Cave of misbegotten dreams
Ridley Scott ponders God and aliens in Prometheus
By Matthew Singer 06/07/2012
Directed by Ridley Scott
Starring: Noomi Rapace, Michael Fassbender, Charlize Theron, Idris Elba and Guy Pearce
Rated R for sci-fi violence,
brief language and some intense images
2 hr., 3 min.
In Prometheus, Ridley Scott’s long-anticipated return to the science fiction genre, the director confronts a philosophical query that has dogged mankind since at least 1995: What if God were one of us?
Not us, exactly, but a bigger, paler, better-sculpted version of us. He appears early on, as a cloaked figure perched at the edge of an Icelandic waterfall. He has a bodybuilder’s physique, the skin tone of a naked mole rat and a glint of the uncanny valley in his eye. In a film orbiting the same existential themes as 2001 — and following the same trajectory, leaping ahead in time several millennia, traveling from prehistoric earth to beyond the stars — he is an ambulatory Monolith, the key to humanity’s total understanding of itself. His DNA is our DNA. We got the pigment, he got the six-pack abs. It’s not a fair evolutionary tradeoff, but it beats coming from monkeys, right?
A think piece on the origins of man probably doesn’t sound much like the Alien prequel you were expecting. After all, that movie didn’t concern itself with much beyond creating a claustrophobic sense of dread, and it was perfect because of it. Well, for one thing, Prometheus isn’t a true prequel. It’s an “expansion of the mythos.” As such, it has mythology on the brain; just look at the title. It’s a much bigger film, visually but also thematically, than the tense 1979 classic that launched Scott’s career. But the heft of its musings cannot weigh down the sheer, stunning spectacle of it all. If anything, the opposite happens. And that’s for the better.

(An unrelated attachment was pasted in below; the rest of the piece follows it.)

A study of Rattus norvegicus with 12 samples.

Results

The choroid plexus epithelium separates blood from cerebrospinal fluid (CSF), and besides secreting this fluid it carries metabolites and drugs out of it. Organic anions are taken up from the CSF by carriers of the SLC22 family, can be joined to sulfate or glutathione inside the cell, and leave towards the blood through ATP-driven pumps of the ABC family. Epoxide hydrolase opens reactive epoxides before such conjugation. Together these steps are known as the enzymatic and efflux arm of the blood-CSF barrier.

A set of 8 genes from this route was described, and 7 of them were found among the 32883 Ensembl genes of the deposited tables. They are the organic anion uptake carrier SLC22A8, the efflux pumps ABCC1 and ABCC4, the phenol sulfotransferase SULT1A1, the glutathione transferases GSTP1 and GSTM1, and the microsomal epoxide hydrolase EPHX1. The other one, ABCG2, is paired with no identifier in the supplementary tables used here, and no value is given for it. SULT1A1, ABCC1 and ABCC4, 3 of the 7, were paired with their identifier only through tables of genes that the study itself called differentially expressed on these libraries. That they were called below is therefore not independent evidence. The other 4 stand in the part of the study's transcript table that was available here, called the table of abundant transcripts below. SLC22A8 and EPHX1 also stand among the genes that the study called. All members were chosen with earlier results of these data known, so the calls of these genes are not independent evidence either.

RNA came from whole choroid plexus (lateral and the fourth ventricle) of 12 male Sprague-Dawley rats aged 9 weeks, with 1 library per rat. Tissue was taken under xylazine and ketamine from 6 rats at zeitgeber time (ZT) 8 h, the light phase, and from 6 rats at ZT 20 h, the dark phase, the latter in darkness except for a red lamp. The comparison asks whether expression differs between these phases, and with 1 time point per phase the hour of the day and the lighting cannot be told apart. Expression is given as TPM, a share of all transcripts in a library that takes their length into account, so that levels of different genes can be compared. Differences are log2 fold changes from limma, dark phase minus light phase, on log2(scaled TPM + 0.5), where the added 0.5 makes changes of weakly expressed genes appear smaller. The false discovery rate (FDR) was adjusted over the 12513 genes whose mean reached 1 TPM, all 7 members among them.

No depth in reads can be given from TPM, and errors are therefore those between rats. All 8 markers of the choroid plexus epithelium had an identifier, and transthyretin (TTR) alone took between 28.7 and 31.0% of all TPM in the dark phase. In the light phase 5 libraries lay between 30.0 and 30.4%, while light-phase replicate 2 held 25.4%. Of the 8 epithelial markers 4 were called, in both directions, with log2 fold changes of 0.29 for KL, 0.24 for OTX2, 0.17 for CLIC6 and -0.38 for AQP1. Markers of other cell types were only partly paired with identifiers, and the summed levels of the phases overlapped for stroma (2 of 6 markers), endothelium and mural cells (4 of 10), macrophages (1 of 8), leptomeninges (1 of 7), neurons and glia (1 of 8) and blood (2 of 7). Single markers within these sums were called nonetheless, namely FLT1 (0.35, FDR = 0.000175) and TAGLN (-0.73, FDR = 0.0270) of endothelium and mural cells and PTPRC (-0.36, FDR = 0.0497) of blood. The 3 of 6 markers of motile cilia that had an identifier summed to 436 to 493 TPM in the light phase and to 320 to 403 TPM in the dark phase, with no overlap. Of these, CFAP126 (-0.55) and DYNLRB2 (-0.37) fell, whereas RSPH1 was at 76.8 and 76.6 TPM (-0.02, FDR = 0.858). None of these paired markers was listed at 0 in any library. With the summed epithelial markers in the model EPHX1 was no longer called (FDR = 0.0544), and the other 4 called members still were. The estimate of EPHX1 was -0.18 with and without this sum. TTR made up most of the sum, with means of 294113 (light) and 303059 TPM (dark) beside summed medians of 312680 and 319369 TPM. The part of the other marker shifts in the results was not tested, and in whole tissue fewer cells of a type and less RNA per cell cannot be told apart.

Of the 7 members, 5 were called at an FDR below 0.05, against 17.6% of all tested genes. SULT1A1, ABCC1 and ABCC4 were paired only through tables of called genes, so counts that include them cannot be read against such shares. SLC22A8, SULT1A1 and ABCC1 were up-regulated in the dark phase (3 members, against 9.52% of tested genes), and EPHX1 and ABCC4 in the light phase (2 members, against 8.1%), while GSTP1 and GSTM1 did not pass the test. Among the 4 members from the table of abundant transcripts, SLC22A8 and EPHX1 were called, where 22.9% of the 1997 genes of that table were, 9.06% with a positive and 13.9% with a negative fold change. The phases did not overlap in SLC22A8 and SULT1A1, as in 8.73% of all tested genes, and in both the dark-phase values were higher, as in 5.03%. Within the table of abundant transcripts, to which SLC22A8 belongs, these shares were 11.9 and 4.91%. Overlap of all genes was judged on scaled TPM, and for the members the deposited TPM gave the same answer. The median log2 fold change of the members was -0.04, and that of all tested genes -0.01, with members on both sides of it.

After opening on planet Earth — or, more specifically, like Planet Earth, with breathtaking aerial pans over snowcapped mountains, wide-open vistas and roaring rivers — the movie switches to deep space. Aboard a trillion-dollar spaceship bound for a distant moon, we meet an Aryan cyborg (a mesmerizing Michael Fassbender). Ironically, his name is David, but you can call him HAL. While everyone else is in cryogenic deep-freeze, he’s spent the two-year journey studying linguistics, playing lonely games of HORSE and watching Lawrence of Arabia on a continuous loop, to the point of adopting the vaguely homoeroticized mannerisms of Peter O’Toole’s T.E. Lawrence. As their destination approaches, the crew awakens. There is the scientist couple of Elizabeth Shaw (Noomi Rapace, the original Lisbeth Salander) and Charlie Holloway (Logan Marshall-Green). There is the representative of the corporation funding the mission, portrayed with maximum iciness by Charlize Theron. There is the pilot (Idris Elba) who, as he likes to say, just flies the ship.
There are others, but it’s best not to get too attached. Like its predecessor, Prometheus is fluent in the language of horror, and that means characters venture into dark places, mess with things that shouldn’t be messed with, and generally make terribly unwise decisions. (Important life lesson: If a creature out of H.R. Giger’s most whacked-out Freudian nightmare slithers up from the alien muck, don’t try to touch it.) It gets nasty, too: Rapace’s Shaw — standing in, ably, for Sigourney Weaver’s indelible Ripley — must’ve seen Alien, because once her tummy starts rumbling, she hustles straight to the automated-surgery pod for an emergency caesarian. It resembles one of those claw-crane games from Chuck E. Cheese’s, only with a squirmier, gooier prize.
That is, of course, a refried shock, a remix of a scene that blew minds and lunches three decades ago. But Scott still finds new ways to awe. The movie starts in a cave of forgotten dreams, and it’s worth wondering if Scott took a tip from Werner Herzog’s documentary about the ancient pictograms of France’s Chauvet Cave, in which the German madman embraced 3D as a way of crafting a more tactile viewing experience. With Prometheus, Scott folds in the technology with a similarly subtle hand, using it not to jab the audience in its nose but to make palpable the wonder of discovering a new world and the terror of actually exploring it. It is the grandest example of effects-driven storytelling yet this year.